BioMarin Pharmaceutical, a developer of treatments for rare diseases, struck out in a recent attempt to have a drug approved for Duchenne muscular dystrophy. Now it’s taking another swing with a drug for a different genetic disease, one that strikes children a couple years after birth, debilitates their bodies and minds, and proves deadly by the time they are teenagers.
BioMarin (NASDAQ: BMRN), of San Rafael, CA, said Wednesday evening that data from a Phase 1/2 study of cerliponase alfa in two dozen patients with CLN2 disease, a form of the genetically inherited Batten disease, were good enough for the company to ask regulators in the U.S. and Europe for marketing approval. The company said it would submit applications by the middle of this year.
In 23 children treated for 48 weeks, 15 had their disease stabilized, which is notable for a disease often marked by rapid degeneration. Children with Batten suffer from seizures, blindness, dementia, and more, and the CLN2 form progresses quickly, with death occurring between the ages of 8 and 12, according to the National Institutes of Health.
The rate of decline in patients’ motor and language function was about 80 percent below the expected rate in untreated patients based on an outside study, not from direct comparison within the same trial.
Seven of the patients had a total of 10 serious side effects related to the drug, and one patient came down with an infection that was cleared up. (The drug is administered through a stent into the brain.) Overall, BioMarin described the treatment as “well tolerated.” One patient left the study, not from side effects but because after one dose her parents chose to withdraw her, according to BioMarin spokeswoman Debra Charlesworth.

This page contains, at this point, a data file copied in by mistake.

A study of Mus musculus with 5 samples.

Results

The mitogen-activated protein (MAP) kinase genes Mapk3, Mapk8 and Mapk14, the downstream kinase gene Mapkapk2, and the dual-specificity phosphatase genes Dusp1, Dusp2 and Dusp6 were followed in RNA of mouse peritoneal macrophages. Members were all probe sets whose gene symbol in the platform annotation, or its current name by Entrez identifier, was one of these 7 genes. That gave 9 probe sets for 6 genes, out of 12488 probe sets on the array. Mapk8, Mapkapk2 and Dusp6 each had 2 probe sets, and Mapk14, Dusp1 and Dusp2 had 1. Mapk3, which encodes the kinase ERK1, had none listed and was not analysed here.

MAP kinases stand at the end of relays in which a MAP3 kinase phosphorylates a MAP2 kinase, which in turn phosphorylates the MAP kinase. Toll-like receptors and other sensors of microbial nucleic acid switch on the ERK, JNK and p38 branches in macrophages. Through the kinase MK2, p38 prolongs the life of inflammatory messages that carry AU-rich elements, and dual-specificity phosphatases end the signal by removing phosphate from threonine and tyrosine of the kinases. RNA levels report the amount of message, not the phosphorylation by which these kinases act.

Both the tiny size and the design of the study would often not move regulators to give a drug meant for a very prevalent disease with therapies available a green light. But the lack of treatments for the CLN2 form of Batten, its rapid, devastating progression, and the tiny population from which to draw trial volunteers are factors that the company hope will sway the U.S. and European drug agencies.
“Whether FDA will approve this is not clear but stabilization [of disease] is a major treatment effect in these very sick children,” wrote RBC Capital Markets analyst Michael Yee in a research note. If the agencies accept BioMarin’s application, they could make a marketing decision by early 2017.
The positive data come on the heels of a setback for the company. The FDA rejected its drug drisapersen in January, intended for a subset of patients with Duchenne muscular dystrophy.
It was not a surprise. At a meeting in November, FDA advisors had harsh words for drisapersen and BioMarin. Their criticism echoed FDA scientists whose report leading up to the committee meeting called BioMarin’s evidence “inconsistent and in some cases contradictory.”
In pressing for drisapersen’s approval, BioMarin had taken one of the higher profile gambles in recent biotech history. It had bought the drug in 2014 through its $680 million acquisition of Prosensa, which had already conducted a Phase 3 trial that failed. (BioMarin would have paid even more if regulators had approved the drug.)
At the time, BioMarin contended that the Prosensa study was flawed for a variety of reasons, and that a post-hoc analysis pooling data from a number of subgroups showed that drisapersen would in fact benefit Duchenne patients. It had Duchenne patients and their advocates on its side, but their testimony—which made for a dramatic hearing in November—did not sway the FDA.
The CLN2/Batten data has bumped BioMarin stock up nearly 2 percent in after-hours trading as of this writing. The company released interim data from the study in January.
—Ben Fidler contributed to this report.